Young person in black t-shirt smiling Ben Vaughan Centrepoint

Andrew's Story: Living at Centrepoint made me feel safe, secure and grateful

Andrew was referred to Centrepoint’s Independent Living Programme after struggling to pay rent in supported housing once he started working. After a year in ILP, he has now moved into his own flat and is about to qualify as an electrician. 

The paradox of making work pay

18 months ago, Andrew was living with another supported housing provider. However, when he started working as an electrical apprentice, he struggled to pay his rent as his housing benefit was cut.

“I was a kid in care and I am a very ambitious person,” he explains. “But with the challenges I had to overcome during that year, it made me see how, not only foster kids, but young people in general just become a self-fulfilling prophecy. If I didn’t have that inner drive and ambition, I might have easily given up. I never wanted to be in the benefits system. It’s there for people that really need it and I was working. But they squeezed me so much that it was tempting to forget what I was doing and go fully onto benefits because it put me in a better financial position.”

He feels that the way the benefit system is structured means that young people are demotivated to work which can kill their ambition. “If you don’t have that inner spark, then you can fall victim to the system and your dreams can die.”

Centrepoint’s Independent Living Programme

Luckily, Andrew was referred to Centrpoint’s Independent Living Programme, providing truly affordable housing for working young people experiencing or at risk of homelessness. 

For Andrew, it was life-changing.

“It was a stepping stone to the next stage of independence. I was able to save money for the first time and plan my future. I had more freedom and I could enjoy my life a bit more, I even went on holiday this year.”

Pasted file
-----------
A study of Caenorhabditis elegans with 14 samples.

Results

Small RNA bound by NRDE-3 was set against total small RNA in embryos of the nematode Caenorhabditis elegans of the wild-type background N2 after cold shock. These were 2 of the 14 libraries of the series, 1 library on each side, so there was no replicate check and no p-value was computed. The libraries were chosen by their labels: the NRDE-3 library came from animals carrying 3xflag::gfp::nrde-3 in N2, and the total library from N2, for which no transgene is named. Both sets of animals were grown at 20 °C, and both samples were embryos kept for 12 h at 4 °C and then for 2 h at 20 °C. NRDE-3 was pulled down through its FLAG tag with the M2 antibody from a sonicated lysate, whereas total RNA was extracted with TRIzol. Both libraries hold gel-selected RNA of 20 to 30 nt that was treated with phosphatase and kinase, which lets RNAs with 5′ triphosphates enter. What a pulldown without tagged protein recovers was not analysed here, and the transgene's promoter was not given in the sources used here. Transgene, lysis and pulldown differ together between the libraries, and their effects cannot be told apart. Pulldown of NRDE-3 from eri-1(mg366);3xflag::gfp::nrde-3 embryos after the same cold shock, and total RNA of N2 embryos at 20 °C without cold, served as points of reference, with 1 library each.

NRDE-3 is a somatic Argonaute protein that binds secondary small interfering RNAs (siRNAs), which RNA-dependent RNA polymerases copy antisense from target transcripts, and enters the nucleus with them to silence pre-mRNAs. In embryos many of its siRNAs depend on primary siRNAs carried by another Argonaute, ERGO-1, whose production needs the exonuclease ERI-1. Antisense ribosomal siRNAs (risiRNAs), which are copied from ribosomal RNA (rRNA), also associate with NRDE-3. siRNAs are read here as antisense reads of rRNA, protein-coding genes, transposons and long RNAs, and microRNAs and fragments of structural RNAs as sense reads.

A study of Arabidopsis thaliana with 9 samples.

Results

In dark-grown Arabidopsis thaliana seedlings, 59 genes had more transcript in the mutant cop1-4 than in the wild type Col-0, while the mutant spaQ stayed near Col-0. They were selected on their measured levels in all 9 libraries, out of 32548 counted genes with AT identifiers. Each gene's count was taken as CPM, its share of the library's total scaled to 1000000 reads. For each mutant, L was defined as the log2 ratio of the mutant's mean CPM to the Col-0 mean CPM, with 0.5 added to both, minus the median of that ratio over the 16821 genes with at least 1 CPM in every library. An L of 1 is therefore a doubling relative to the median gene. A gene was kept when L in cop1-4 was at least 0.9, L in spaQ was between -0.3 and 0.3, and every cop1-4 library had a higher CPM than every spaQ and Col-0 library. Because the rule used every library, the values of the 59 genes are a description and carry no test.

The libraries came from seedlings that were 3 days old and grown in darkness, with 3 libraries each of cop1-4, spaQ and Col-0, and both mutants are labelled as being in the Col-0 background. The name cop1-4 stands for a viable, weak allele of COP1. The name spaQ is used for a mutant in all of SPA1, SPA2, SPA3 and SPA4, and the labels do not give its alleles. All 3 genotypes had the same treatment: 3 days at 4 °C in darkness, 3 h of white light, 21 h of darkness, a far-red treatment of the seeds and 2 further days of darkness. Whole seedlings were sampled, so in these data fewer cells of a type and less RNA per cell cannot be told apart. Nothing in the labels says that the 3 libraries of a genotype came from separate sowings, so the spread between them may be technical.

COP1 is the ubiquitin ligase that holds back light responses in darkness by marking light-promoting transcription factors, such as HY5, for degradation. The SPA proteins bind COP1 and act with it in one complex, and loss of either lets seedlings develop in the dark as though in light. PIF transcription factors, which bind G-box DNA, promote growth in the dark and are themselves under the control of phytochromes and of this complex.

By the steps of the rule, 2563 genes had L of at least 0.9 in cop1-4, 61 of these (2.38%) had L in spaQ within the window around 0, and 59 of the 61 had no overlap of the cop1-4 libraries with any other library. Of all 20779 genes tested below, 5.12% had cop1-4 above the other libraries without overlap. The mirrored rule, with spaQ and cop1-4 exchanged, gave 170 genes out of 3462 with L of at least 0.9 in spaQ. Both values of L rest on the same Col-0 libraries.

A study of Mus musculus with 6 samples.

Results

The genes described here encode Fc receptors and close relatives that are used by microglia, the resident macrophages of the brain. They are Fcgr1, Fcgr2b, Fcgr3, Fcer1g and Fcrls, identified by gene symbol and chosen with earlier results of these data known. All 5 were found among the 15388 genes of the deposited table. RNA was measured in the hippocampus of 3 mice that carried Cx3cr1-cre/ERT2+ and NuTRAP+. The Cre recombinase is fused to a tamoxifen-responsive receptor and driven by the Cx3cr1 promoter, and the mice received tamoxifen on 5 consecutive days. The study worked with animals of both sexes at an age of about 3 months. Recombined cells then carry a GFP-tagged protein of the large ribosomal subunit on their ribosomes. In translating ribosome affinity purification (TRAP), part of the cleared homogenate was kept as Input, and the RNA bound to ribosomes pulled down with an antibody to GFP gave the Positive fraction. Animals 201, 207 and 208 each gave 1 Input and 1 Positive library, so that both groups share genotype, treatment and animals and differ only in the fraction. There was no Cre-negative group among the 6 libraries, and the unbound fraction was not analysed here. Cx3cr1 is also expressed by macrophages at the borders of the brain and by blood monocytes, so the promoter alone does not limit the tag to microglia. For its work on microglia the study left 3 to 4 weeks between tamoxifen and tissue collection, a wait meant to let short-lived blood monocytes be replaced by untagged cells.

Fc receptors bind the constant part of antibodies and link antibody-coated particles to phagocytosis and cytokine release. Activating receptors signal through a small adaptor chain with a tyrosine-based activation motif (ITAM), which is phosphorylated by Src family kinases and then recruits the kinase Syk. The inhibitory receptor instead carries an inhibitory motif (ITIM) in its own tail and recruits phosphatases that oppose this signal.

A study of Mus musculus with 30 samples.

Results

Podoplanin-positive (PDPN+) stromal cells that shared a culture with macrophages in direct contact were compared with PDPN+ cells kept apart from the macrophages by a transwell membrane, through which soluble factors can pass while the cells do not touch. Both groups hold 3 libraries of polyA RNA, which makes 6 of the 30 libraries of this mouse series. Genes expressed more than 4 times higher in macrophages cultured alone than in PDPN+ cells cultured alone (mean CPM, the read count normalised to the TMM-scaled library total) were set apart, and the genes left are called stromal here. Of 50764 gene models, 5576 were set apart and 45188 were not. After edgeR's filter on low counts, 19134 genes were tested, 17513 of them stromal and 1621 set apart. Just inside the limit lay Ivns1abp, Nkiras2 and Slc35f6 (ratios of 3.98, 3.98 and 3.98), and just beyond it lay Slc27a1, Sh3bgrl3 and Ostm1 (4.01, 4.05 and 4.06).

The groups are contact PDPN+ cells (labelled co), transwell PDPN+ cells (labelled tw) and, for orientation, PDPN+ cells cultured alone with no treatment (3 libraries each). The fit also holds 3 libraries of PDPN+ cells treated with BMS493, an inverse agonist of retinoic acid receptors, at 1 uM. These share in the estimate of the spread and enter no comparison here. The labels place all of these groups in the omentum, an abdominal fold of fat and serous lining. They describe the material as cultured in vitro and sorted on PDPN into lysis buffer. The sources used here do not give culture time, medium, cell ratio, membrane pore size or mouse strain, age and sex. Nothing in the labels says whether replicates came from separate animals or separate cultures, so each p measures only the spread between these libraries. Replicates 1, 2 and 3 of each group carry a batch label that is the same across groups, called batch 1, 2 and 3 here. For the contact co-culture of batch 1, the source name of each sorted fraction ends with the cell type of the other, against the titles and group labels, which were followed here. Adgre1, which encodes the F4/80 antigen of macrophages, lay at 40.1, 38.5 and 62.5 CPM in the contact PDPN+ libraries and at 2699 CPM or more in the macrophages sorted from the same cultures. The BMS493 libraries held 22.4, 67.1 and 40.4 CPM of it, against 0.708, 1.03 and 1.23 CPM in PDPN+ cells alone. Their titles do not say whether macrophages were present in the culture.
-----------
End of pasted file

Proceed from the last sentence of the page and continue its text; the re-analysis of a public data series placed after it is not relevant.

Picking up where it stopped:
He is grateful to Centrepoint and his Centrepoint Independent Living Advisor, Janet.

“Janet has been amazing,” he says. “She’s there if I need her, she talks to the right people, she helps get things sorted. She’s been really good to me.”

Meeting Centrepoint’s patron, Prince William

Andrew was one of the residents who met Centrepoint’s Patron at the official opening of Reuben House.

“Meeting the Patron was surreal. He asked about the difficulties young people were facing and his plans with the Homewards Project. It was cool to see that he was taking steps to counteract the barriers that young homeless people are facing.”

Making connections at Centrepoint

Andrew reflects on the sense of community he experienced whilst living at Centrepoint.

“It was good living with people with similar experiences. You are all unique but you make friends though your similarities and your differences. It was special I think.”

Raising his voice and advocating for others

Andrew is passionate about supporting other vulnerable young people and recently took part in our campaign #PLanForThe136k 

Andrew presented our petition at Downing Street and talked passionately to MP Nadia Whittome about the changes needed to help other young people.

He is also about to embark on the London to Brighton bike ride raising funds for Centrepoint.

Young person holding placard outside Downing St Centrepoint

Andrew holding our campaign placard outside Downing Street earlier this year

Looking to the future

Andrew says that his late father is one of the driving forces that keeps him moving forwards.

“Everything I do in life is to try and make him proud.”

Andrew has recently moved into his own council property and is coming to the end of his apprenticeship. He hopes to become self-employed.

“I feel safe, secure and grateful. I don’t know what the future holds, but I feel like it’s looking bright.”

Andrew’s drive and ambition is clear to see and we have no doubt that he has a bright future ahead. Good luck Andrew!